Stock Music: Spencer Moore Cinematography: George A. Romero
Starring: Duane Jones, Judith O’Dea, Karl Hardman and Marilyn Eastman
Night of the Living Dead is actually a very well made film. The print I have claims to be restored and re-mastered and it is very good, a crisp sixties black and white with excellent sound that looks tremendous. As a testament to his skill, it is one of only two films--the original Invasion of the Body Snatchers being the other--that is both an A List as well as a B List entry. Though the majority of Romero’s career has been spent cashing in on the artistic success of this film, he has done a few other interesting horror projects, like Money Shines and The Dark Half. Ultimately, however, his name will be forever associated with taking the idea of the zombie and updating it with a science-fiction device by turning the zombies into ghouls.
The film begins following a car as it makes its way to a lonely, isolated cemetery in Western Pennsylvania where Judith O’Dea and Russell Streiner going to visit the grave of their father. The only hint of something strange is when an announcer comes on the radio, but Streiner turns it off. There is one other person in the cemetery, and Streiner begins joking with O’Dea that he’s coming to get her. Famous last words, as the first of the ghouls fights with Streiner and accidentally kills him on a headstone. O’Dea makes a run for it, eventually finding her way to an abandoned farmhouse. As night falls and her fear nearly paralyzes her, Duane Jones pulls up to the house with his car out of gas, and takes refuge with her in the house. Interestingly, instead of his presence bolstering her courage, she takes the opportunity to completely lose her sanity and descend into abject fear. What makes the story so compelling is that Romero has a way with the camera, a documentary style that injects a frenetic and frightening energy that is perfect for his subject.
The suspense in the film comes from a concept that has been used hundreds of times before, and hundreds of times since. The analogies are endless. Whether it’s a submarine gradually taking on water or a disease slowly spreading, there’s a certain inevitability that underpins the entire film. The longer the night goes on, the more ghouls converge on the house, and the more pressure they exert on the weak points of the structure. Eventually something has to give way. In addition, the personalities involved all threaten in some way to unravel or damage the delicate latticework of protection against the living dead, thus doubling the suspense by making the audience wonder if the destruction is ultimately going to come from outside or inside the house.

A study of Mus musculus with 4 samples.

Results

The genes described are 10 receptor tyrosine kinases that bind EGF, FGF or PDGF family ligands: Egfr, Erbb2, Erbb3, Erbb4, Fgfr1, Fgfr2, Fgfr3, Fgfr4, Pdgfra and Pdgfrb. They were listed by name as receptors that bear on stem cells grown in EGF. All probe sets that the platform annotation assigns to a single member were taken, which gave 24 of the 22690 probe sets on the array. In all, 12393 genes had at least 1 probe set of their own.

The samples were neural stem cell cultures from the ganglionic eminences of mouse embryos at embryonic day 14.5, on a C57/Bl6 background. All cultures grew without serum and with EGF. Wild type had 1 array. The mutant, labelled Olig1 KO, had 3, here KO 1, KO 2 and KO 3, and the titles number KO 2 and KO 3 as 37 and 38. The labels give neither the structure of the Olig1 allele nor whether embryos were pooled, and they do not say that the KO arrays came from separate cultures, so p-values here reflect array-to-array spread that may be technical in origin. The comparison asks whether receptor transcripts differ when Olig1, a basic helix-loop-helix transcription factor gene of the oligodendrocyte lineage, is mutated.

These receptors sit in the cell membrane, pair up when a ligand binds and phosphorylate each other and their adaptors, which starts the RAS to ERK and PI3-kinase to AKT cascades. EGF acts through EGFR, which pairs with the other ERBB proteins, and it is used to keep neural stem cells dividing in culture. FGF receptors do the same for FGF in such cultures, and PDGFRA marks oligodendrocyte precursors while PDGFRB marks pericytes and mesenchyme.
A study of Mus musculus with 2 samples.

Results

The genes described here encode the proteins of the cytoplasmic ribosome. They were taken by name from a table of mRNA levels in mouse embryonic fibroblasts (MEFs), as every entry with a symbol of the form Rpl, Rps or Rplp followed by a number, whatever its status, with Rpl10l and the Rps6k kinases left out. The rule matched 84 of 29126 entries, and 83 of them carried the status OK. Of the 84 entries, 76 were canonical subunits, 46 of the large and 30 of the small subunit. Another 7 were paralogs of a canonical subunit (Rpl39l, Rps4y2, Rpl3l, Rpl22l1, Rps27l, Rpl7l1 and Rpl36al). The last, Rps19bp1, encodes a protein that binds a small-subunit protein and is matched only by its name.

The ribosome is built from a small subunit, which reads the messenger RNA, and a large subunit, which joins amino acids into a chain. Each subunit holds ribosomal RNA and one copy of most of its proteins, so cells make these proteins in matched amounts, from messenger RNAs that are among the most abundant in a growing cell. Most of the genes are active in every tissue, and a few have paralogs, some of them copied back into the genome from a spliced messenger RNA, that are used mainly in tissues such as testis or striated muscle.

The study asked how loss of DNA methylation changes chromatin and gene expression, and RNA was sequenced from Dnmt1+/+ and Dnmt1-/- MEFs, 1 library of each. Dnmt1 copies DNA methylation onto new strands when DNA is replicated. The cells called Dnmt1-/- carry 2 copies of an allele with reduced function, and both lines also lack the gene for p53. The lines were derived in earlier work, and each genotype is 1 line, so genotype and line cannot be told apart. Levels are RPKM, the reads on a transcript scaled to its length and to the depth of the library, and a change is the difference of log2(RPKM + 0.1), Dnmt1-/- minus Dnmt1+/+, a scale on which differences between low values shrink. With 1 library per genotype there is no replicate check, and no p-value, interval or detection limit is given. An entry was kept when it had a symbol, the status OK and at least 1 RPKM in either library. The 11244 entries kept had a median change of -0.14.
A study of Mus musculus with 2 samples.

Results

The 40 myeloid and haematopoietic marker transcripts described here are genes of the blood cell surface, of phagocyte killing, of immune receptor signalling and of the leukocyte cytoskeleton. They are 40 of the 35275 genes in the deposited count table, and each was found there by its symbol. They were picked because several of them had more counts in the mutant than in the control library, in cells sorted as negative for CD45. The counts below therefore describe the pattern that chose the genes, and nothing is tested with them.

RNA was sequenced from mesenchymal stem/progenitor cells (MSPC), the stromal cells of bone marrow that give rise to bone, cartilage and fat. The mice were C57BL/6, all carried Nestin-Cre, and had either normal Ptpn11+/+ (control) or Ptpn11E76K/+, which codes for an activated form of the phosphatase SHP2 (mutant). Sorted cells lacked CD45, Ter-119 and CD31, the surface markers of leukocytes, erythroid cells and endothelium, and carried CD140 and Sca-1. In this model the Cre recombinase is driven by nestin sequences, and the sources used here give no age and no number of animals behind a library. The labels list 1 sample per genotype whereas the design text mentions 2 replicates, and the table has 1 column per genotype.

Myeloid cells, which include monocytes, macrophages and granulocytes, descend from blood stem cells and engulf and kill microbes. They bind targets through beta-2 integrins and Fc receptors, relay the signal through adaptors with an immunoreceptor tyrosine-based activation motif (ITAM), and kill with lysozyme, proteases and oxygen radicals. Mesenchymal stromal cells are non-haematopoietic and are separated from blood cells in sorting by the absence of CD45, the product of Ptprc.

The A List essay by Kevin Thomas is easily the most disappointing of the two reviews. He takes a nostalgic look at a film he calls, “still . . . the scariest movie I have ever seen,” by sharing his original review, but never once telling the reader why the film is so scary. The essay from Desson Thomson in The B List is just as short, but he comes at the film from a different angle, focusing instead on the idea that the very limitations of budget are what made the film so artistically satisfying. But his best idea is a throwaway line about Jones, a black man in the sixties whose intelligence is clearly superior, and how his ultimate disposition mirrors that of so many minorities, both then and now. For the film has certainly evolved over the last forty-five years from an exploitation horror flick into an allegory and it is there where the most interesting aspects of its artistry are to be found. And the ending is absolutely masterful in conveying a certain type of futility. Night of the Living Dead, despite its low-budget pedigree, is a powerful, moving film that has deserved its stature as one of the all time greats.